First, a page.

Largest group of ancient bronzes in Italy found at sacred baths

A group of 24 bronze statues in exceptional condition have been discovered in the excavation of the ancient sacred baths at San Casciano dei Bagni near Siena. They date to between the 2nd century B.C. and the 1st century A.D., making this the largest store of bronze statuary from ancient Italy ever found. It is so significant a find that it is comparable, according to Director General of Museums Massimo Osanna, to the sensational discovery of the pair of 5th century B.C. bronze warriors off the coast of Riace in 1972.

The hot springs and mineral waters of San Casciano dei Bagni were believed to cure all manner of illnesses and conditions via the intervention of deities versed in the medical arts, like Hygieia (goddess of health), Apollo (god of healing and diseases) and Asclepius (god of health). By bathing in the hot springs, the devout believed they were in direct contact with the gods. Those who could afford to, left figurines of bronze and terracotta representing an ailing body part, or offerings of shiny new coins struck at the sanctuary’s official mint. More than 6,000 coins have been recovered already.

The Etruscans built the first sanctuary at the site at least as early as the 3rd century B.C. and it was expanded into a much larger complex by the Romans in the early 1st century. It was closed in the 5th century A.D. and the basins sealed with toppled columns. The effigies of the gods and votive figurines, left by generations of worshippers, however, were not disturbed.

Since excavations of the sanctuary began in 2019, archaeologists have found numerous votive offerings shaped like body parts (uteruses, penises, arms, legs, ears) that were left at the sacred site by petitioners seeking healing. Larger, whole-body statuary emerged from the pools in the first weeks of October. The hot, muddy basins preserved the metal, leaving many statues intact. Among the large statues are effigies of Hygieia, a snake wound around her arm, a nude of Apollo and a togate youth.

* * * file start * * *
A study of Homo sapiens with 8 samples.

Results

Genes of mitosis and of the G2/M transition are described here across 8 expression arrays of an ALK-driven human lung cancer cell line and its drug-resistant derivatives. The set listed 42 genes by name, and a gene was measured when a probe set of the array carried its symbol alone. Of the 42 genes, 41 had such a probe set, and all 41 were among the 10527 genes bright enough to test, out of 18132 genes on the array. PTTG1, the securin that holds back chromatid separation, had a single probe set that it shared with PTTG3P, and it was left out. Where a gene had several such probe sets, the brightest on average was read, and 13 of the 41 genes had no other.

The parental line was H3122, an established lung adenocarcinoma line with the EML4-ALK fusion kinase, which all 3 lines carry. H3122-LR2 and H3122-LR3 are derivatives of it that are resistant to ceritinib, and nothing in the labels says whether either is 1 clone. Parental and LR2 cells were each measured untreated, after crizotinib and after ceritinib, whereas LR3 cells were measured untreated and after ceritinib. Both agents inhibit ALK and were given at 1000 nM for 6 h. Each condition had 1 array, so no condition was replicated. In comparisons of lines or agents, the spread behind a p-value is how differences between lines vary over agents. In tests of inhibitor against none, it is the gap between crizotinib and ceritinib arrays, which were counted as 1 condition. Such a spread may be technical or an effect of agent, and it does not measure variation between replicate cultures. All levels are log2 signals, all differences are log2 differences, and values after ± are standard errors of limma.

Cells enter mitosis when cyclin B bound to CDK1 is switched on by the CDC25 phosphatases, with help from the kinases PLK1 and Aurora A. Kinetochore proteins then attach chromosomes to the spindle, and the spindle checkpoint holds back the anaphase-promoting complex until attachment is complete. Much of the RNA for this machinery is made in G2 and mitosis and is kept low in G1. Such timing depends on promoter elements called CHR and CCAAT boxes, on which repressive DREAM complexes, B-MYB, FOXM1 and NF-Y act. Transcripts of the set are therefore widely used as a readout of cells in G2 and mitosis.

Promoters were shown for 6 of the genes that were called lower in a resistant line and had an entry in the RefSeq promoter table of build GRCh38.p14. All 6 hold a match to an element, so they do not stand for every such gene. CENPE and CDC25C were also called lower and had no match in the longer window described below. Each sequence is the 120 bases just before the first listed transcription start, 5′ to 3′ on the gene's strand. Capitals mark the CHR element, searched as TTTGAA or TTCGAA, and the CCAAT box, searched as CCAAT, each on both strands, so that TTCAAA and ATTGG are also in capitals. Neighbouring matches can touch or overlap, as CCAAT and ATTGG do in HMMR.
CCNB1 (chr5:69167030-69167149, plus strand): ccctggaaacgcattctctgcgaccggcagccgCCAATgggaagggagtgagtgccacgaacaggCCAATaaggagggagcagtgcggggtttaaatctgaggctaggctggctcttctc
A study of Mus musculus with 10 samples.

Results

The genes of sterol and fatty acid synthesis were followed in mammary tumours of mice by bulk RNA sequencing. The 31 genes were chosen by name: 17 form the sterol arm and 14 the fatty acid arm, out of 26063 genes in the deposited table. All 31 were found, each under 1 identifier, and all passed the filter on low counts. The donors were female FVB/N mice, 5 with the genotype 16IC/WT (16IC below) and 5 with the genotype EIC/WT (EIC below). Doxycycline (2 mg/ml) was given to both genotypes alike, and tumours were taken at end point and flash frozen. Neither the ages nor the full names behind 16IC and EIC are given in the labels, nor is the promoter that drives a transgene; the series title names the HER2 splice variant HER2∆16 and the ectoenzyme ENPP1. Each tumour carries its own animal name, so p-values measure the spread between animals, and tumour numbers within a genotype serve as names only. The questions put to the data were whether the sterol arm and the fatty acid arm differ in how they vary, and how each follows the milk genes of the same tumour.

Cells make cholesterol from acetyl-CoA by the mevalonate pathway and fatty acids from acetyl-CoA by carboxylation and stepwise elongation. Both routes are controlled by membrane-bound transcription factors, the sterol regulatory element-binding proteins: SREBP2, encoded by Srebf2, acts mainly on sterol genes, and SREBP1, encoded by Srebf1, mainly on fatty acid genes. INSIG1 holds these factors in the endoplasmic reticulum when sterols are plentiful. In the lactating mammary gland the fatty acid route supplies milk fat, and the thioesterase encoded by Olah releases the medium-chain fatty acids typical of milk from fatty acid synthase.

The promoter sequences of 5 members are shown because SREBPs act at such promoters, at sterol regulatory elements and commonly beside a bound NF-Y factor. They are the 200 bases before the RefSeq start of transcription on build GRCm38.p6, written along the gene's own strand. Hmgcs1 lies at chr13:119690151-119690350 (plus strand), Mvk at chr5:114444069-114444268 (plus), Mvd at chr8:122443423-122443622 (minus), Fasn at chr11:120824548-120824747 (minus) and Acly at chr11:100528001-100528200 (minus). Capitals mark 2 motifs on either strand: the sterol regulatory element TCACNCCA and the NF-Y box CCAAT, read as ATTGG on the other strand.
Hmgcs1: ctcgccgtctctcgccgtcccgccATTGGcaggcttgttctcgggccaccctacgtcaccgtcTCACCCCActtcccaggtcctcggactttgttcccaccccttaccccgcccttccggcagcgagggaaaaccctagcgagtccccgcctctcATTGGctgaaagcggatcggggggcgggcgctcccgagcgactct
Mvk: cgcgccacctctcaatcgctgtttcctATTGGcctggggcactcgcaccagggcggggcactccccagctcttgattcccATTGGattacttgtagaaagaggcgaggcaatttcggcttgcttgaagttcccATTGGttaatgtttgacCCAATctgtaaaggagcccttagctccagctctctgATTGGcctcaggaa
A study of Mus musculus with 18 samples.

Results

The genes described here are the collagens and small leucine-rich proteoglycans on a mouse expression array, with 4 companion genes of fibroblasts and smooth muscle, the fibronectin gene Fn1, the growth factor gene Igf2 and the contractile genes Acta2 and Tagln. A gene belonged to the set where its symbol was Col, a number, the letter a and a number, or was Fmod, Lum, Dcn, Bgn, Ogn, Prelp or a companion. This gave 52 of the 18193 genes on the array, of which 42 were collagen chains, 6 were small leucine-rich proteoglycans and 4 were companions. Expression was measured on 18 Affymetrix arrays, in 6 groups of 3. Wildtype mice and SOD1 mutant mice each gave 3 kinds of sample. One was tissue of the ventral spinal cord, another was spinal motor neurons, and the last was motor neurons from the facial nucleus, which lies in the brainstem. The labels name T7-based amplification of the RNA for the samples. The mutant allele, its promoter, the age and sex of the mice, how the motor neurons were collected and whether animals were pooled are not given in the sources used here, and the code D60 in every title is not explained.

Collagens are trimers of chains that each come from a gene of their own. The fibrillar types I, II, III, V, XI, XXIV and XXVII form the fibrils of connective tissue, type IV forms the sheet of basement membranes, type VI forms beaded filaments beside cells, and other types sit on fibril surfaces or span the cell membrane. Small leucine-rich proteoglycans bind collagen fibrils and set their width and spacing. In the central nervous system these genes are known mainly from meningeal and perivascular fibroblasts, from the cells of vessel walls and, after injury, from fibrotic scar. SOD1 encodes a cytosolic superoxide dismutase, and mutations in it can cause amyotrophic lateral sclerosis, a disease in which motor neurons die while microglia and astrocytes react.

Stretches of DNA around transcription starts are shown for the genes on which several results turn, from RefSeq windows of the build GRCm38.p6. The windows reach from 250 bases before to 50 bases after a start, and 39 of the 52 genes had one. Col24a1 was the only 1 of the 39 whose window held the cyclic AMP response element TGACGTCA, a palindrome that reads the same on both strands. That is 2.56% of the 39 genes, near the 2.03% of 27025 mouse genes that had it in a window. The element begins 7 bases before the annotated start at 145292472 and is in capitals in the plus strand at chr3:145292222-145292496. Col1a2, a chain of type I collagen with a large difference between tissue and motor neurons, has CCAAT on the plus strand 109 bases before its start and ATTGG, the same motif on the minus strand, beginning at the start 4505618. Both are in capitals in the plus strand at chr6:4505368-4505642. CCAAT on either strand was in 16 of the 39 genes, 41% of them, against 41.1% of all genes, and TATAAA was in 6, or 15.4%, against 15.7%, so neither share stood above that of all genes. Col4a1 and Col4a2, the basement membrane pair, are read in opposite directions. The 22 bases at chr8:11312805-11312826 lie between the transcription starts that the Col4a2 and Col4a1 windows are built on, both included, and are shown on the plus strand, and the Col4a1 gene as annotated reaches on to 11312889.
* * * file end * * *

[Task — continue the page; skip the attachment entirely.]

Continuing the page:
The discovery of two dozen bronze sculptures is so significant because most of them were destroyed in antiquity, melted down for reuse. They are also a unique record of the transition between the decline of Etruscan influence and the dominance of Rome. Etruscans, as with the other Italic peoples losing the battle (military, political and cultural conflicts with Rome , assimilated Roman culture and adopted Roman lifestyles. The statues illustrate this transitional period in their design style and in the inscriptions that were carved onto the bronzes in both Latin and Etruscan. The inscriptions contain the names of members of powerful Etruscan families like the Velimna of Perugia and the Marcni outside Siena who dedicated statues to the sacred pools.

The town of San Casciano has big plans for this unique sanctuary. It will be converted into an archaeological park, and the 16th century palace overlooking the pools will become a museum exhibiting the thousands of archaeological treasures recovered from the site.

Coins in Tupperware. Photo courtesy Italian Culture Ministry. Statue of youth. Photo courtesy Italian Culture Ministry. Head of a statue. Photo courtesy Italian Culture Ministry. Head of youth recovered from muddy pool. Photo courtesy Italian Culture Ministry.